By Erica Wickham, M.S., R.D., C.D.N. ; Updated April 18, 2017

Vitamin D is one of the four fat-soluble vitamins needed by the human body. Unlike other vitamins however, vitamin D is not only found in food, but it is also produced by the body after exposure to sunlight. Vitamin D works best in conjunction with calcium to build and maintain strong bones. Vitamin D is involved in the regulation of the immune system, making it important for overall health. It is important to maintain adequate levels of vitamin D, as it may be linked to the decreased incidence of certain types of cancers, high blood pressure, obesity, osteoporosis and other chronic disorders.

Osteoporosis and Other Bone Disorders

Vitamin D helps your body to absorb and use calcium, a mineral necessary for strong bones and teeth. Therefore, adequate vitamin D levels during childhood are especially important to promote bone formation. Additionally, post-menopausal women require sufficient vitamin D levels due to decreased bone density and the increased risk of osteoporosis, a bone disorder characterized by porous, brittle bones. Taking a vitamin D supplement along with calcium can significantly reduce bone loss, the incidence of osteoporosis and related fractures. Vitamin D can help to prevent rickets in children and osteomalacia in adults. These disorders cause softening and weakening of the bones.


Proper nutrition is the hallmark of preventing chronic disorders such as diabetes. Vitamin D plays an integral role in the prevention of such conditions. In the November/December 2008 issue of "Diabetes Educator," Sue Penckofer, PhD, and colleagues at the Niehoff School of Nursing in Chicago, establish a strong link between vitamin D levels and diabetes. Diabetes patients are at risk for developing diabetes related complications. The researchers found that adequate levels of vitamin D may help to reduce complications associated with diabetes such as cardiovascular disease, renal insufficiency and peripheral neuropathy. The list also includes myocardial infarction, angina and atherosclerosis.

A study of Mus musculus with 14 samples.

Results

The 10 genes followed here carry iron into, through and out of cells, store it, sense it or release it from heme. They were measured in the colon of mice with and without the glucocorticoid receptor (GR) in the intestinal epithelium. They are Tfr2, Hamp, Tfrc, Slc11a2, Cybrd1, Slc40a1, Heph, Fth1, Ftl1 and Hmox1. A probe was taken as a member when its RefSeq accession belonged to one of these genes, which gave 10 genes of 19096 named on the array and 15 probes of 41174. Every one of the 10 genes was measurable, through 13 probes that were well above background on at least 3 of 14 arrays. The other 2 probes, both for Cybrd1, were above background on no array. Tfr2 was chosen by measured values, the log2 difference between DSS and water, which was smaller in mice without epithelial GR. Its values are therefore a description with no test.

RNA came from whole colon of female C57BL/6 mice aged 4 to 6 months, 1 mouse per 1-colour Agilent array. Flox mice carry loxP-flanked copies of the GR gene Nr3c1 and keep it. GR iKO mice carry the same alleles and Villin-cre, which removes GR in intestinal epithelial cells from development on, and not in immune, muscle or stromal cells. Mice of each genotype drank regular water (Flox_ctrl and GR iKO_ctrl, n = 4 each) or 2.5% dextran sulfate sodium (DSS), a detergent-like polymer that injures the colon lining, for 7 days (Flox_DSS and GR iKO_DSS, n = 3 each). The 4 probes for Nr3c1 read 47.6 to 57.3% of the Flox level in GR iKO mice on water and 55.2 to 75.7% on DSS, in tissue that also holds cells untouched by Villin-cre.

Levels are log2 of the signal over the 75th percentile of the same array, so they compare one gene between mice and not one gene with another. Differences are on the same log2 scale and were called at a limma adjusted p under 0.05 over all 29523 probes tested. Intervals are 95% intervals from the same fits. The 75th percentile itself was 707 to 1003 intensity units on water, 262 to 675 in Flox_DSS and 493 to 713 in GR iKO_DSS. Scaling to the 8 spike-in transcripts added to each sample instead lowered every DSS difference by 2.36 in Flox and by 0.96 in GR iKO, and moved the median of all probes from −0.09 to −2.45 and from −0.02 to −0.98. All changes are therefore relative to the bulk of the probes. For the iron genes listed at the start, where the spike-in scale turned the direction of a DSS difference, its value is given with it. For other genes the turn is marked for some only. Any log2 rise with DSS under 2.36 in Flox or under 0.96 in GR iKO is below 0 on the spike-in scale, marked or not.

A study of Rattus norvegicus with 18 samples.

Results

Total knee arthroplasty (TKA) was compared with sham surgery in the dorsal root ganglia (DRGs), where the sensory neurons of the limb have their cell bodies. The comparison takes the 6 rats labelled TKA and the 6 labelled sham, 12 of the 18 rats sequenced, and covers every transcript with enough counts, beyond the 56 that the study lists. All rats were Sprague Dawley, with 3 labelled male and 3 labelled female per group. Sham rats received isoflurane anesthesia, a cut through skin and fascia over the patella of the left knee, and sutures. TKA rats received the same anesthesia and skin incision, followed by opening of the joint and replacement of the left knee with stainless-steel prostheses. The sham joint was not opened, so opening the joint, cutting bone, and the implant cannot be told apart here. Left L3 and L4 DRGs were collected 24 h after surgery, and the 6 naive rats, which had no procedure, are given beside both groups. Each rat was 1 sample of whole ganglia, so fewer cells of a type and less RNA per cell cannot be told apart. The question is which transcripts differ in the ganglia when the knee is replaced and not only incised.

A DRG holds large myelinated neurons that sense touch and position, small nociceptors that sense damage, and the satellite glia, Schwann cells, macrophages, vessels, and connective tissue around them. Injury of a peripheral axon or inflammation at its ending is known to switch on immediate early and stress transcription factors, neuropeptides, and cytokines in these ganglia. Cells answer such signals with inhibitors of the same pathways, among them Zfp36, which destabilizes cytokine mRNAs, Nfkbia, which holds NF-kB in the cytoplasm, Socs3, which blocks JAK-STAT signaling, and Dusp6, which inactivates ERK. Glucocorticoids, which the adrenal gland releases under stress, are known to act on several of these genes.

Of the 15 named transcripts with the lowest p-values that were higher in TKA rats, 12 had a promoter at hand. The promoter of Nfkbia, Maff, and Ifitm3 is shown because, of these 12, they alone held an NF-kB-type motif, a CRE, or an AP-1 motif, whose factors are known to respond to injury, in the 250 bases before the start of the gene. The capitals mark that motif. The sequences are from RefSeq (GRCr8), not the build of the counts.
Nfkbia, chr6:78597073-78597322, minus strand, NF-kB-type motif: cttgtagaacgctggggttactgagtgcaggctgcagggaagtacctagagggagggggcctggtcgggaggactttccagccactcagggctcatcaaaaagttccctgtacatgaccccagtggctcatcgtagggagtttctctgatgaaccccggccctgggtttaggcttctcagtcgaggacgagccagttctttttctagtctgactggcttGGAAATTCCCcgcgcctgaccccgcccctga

According to Cedric F. Garland et al. in the February 2006 issue of "American Journal of Public Health," there is strong evidence that vitamin D intake or synthesis is associated with the reduced incidence and death rate of cancer, especially colon, breast, prostate and ovarian cancers. While there are numerous epidemiological and laboratory studies that document this association, no human studies have directly measured the preventative effect of vitamin D on cancer. Consequently, public health and medical communities have not adopted the use of vitamin D for cancer prevention purposes.

Heart Disease

Individuals with low serum levels of vitamin D are at a greater risk of developing heart disease compared to people with adequate levels of vitamin D. This includes incidences of heart attack, stroke and heart failure. Additionally, people with insufficient vitamin D stores are more likely to experience high blood pressure, obesity, diabetes, high cholesterol and other cardiovascular risk factors. A vitamin D deficiency increases the risk of calcium buildup contributing to plaque formation in arteries that leads to stroke or heart disease. Vitamin D is also thought to play a role in controlling blood pressure and preventing artery damage. More research is needed to conclusively document the benefits of vitamin D for cardiovascular health.